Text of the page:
We have continued our dialogue with Dr. Jos Eussen again this week, who very kindly introduced us to a project in Helsingborg Council, in Sweden. The education department has been working with ways to advance education for sustainability in Gymnasium schools (six-form college or years 12 & 13 for UK residents/ high-school for US residents). Applying education for sustainability as early as possible is of course very important, especially when considering current worrying trends that we have in Sweden and other countries. The work that the Helsingborg Council are doing is an important recognition that much more can be done to help students create a stronger confidence in their competencies to work with sustainability challenges.
We want to expand our support for teachers to those who work with the students that may be about to start their university experience. Pre-university schools can help to better understand the students’ competency for sustainability before they start university. If we can work with pre-university teachers we can get a better understanding about how to continue the students’ education for sustainability in a learning progression approach.
Our talks also came back to the inclusion of organisations in the project to help provide real-life sustainability challenges. We find that small family-owned organisations can have a natural sustainability approach to their business activities. In an earlier pilot-study we spoke with several organisations in the region that revealed what sustainability meant for them and how family values (in terms of a natural sustainability approach) are a strong driver for the choices that they have made. We plan to speak further to family-owned business across Europe to find opportunities for collaborations with students and teachers.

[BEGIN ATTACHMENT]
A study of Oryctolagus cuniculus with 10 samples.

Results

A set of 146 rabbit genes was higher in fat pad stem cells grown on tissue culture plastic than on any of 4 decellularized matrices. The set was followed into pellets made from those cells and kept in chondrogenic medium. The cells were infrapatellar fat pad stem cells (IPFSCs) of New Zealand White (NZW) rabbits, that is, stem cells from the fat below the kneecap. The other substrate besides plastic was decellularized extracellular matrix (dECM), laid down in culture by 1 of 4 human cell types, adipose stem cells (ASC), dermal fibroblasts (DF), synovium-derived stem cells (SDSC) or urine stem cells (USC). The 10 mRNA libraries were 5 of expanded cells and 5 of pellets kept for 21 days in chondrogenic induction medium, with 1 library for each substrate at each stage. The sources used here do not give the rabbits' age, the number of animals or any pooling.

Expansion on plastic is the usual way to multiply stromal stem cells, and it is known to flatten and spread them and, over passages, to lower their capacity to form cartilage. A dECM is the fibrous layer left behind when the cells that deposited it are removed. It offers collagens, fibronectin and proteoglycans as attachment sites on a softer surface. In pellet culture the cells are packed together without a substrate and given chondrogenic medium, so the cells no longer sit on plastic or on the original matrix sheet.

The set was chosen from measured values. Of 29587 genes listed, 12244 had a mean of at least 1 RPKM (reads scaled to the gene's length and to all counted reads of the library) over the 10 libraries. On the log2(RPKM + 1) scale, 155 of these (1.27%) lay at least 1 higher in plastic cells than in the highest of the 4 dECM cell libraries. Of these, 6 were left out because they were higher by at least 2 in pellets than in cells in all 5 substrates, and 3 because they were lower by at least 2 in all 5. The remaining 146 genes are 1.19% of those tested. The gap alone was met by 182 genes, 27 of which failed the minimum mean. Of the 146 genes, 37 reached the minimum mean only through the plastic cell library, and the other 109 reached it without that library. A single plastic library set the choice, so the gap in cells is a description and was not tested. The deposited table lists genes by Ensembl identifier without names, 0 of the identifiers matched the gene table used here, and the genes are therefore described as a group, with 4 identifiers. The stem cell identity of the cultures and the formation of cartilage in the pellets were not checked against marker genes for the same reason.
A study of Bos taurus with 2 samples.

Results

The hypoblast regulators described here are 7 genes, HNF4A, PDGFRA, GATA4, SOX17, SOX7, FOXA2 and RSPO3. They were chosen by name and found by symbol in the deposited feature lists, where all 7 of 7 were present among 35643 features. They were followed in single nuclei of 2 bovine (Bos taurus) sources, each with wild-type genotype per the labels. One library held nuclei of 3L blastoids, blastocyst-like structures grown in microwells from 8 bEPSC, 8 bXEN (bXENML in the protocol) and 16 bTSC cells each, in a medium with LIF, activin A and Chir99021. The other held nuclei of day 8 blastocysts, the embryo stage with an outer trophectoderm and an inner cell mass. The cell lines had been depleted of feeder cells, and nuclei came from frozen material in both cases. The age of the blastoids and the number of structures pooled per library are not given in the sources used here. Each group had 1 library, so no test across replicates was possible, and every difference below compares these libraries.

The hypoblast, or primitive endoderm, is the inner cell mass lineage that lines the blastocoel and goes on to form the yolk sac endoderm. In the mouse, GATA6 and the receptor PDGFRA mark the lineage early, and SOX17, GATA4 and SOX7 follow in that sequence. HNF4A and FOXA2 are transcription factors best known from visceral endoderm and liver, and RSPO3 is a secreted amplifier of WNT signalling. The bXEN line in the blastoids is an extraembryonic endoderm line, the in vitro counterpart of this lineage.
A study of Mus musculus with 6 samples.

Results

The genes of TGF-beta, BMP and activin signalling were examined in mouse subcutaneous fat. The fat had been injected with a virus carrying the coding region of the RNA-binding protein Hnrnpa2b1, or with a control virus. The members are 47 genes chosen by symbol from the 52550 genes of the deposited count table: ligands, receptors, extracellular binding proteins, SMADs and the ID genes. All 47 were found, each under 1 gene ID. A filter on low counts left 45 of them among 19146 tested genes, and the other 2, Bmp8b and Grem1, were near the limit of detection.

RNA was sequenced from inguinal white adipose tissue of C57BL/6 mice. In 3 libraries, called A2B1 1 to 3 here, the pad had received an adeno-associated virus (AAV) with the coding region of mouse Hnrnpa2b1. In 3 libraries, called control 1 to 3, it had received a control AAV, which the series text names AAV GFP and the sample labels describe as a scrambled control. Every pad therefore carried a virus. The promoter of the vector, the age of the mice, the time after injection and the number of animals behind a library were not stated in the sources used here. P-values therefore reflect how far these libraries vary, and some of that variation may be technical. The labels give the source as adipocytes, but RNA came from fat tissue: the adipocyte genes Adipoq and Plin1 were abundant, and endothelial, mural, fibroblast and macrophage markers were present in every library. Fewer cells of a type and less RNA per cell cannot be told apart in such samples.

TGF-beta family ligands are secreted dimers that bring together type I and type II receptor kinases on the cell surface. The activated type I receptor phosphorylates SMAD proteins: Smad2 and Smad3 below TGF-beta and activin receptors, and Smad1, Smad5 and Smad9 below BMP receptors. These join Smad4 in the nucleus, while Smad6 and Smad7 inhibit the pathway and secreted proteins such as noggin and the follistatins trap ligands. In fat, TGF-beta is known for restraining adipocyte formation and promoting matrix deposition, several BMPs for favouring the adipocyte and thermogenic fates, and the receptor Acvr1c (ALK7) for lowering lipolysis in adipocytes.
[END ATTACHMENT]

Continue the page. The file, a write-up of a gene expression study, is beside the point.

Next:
Kent Williams, assistant professor at Rowe school of business at Dalhousie University, spoke with us this week about the land-based learning activities he conducts with the students to provide a whole student approach. He takes students on a 10-day excursion to a natural environment where they design their own nature experiment to reflect on sustainability challenges and what nature is to them. He includes discussions about indigenous knowledge and language and often includes a guest Elder to participate. Reciprocity and stewardship are concepts that drive the dialogue.
We also had the opportunity to present our Sustainbility Competence Mindset tool to several lecturers at John Mores Liverpool Univeristy. Fiona Armstrong-Gibbs, Victoria McCall, Julie Marshall, and Lisa Knight, each responsible for different programs, are working with ways to assess sustainbility in their MBA and executive programs. The tool that we provide can help measure the non-linear nature of mindset transformation for sustainability.
Therese Adam also shared her experiences working with policy and now lecturing about sustainability. Her years of work with decison making about the three dimesnsions of susatinable development (social, economic and environment) through the Development Diplomacy approach and her insights into the UN and UNESCO process were intriguing. Therese shared an expereince in a policy and diplomacy course designed to provide practical experience for students to develop negotiating skills and innovative solutions to a problem case. Learning how to negotiate, argue for what needs to be done, is an important skill for students to be able to act or create action oppourtunities.
There is much that can be learnt from traditional indigenous knowledge to help advance education for sustainability. Traditional knowledge can also be found in the process of leaving family-owned business to the next generation. How can we use the whole student-global citizen approach to help students to become the transition agents for sustainability? What activities have you used to help develop the whole student?